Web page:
Whittaker recipient of the 2018 Steve Bayer Award



Mark Whittaker

The Award is named in honor of Steve Bayer, Sanitarian Supervisor at the Mid-Ohio Valley Health Department who passed away unexpectedly in 2008 and is given to a Sanitarian who works in Environmental Health and whose actions goes above and beyond normal expectations to improve and promote the Environmental Health Profession in West Virginia. Steve Bayer had a passion and truly believed that Sanitarians could impact the health of the communities in West Virginia. He thought that by working together, we could achieve more, and he believed in giving credit to those who were striving to help others along our professional journey.

Mark retired from the Office of Environmental Health Services (OEHS) a number of years ago, but that didn’t stop him from his work in environmental health. He has continued to work tirelessly (even after retirement) to enforce environmental health laws across northern West Virginia. He has contracted his services to several northern Local Health Departments including Doddridge, Gilmer, Marion, Upshur, Lewis, Marion, Monongalia, Wetzel/Tyler, Preston and Taylor Counties although he began his profession in Raleigh County.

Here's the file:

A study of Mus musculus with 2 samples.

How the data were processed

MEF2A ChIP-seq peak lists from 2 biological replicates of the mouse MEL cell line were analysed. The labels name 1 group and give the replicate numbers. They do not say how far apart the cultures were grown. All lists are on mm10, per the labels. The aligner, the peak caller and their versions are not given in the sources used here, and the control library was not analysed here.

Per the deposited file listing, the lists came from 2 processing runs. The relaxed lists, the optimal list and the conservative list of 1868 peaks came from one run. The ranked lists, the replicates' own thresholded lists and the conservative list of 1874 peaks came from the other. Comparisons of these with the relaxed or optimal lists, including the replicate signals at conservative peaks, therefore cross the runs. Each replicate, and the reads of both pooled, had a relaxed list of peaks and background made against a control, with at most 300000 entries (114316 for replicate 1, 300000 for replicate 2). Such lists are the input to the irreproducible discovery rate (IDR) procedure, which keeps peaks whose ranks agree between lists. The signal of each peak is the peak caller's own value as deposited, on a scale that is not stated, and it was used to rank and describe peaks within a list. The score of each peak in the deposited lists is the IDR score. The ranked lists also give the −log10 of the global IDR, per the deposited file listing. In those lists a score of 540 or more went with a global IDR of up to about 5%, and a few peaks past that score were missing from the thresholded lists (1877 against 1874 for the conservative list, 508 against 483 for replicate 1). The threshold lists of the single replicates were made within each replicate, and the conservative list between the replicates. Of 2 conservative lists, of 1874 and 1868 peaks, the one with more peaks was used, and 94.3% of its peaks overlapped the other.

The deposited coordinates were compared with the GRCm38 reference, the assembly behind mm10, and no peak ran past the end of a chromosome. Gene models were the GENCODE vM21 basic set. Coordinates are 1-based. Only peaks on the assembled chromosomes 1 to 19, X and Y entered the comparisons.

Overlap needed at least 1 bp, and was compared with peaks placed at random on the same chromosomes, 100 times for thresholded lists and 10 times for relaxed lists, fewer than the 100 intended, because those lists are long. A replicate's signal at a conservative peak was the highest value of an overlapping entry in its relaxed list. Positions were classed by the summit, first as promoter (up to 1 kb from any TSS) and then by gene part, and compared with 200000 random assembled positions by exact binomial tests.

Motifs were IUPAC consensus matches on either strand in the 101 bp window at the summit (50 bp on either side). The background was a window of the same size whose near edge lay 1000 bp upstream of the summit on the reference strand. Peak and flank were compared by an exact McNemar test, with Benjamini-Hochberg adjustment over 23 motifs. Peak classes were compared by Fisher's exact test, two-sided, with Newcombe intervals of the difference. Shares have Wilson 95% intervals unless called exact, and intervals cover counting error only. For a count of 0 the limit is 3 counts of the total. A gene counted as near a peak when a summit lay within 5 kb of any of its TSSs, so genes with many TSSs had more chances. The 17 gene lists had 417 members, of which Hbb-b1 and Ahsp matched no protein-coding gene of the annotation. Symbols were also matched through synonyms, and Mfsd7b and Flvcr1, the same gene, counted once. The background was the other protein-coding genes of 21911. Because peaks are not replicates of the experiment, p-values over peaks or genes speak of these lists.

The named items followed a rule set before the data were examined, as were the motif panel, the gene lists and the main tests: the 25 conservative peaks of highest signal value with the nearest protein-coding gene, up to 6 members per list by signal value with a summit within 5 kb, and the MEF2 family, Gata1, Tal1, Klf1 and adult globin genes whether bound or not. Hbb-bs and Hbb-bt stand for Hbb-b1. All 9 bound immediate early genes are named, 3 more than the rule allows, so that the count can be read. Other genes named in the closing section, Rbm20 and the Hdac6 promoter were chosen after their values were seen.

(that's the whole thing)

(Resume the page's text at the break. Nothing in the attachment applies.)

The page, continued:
In addition to his direct work in these counties, Mark also served as the District Sanitarian in the Fairmont District for OEHS where he trained new Sanitarians and provided guidance to even the most seasoned Sanitarians in northern WV.  Mark worked for a period of time as the Sewage Program manager helping local Sanitarian’s across the state with the more complex sewage disposal problems.  He also worked in the OEHS Environmental Engineering Division with the transient/non-community water systems to ensure that facilities such as restaurants, parks, and campgrounds that utilize wells had safe water supplies for their visitors.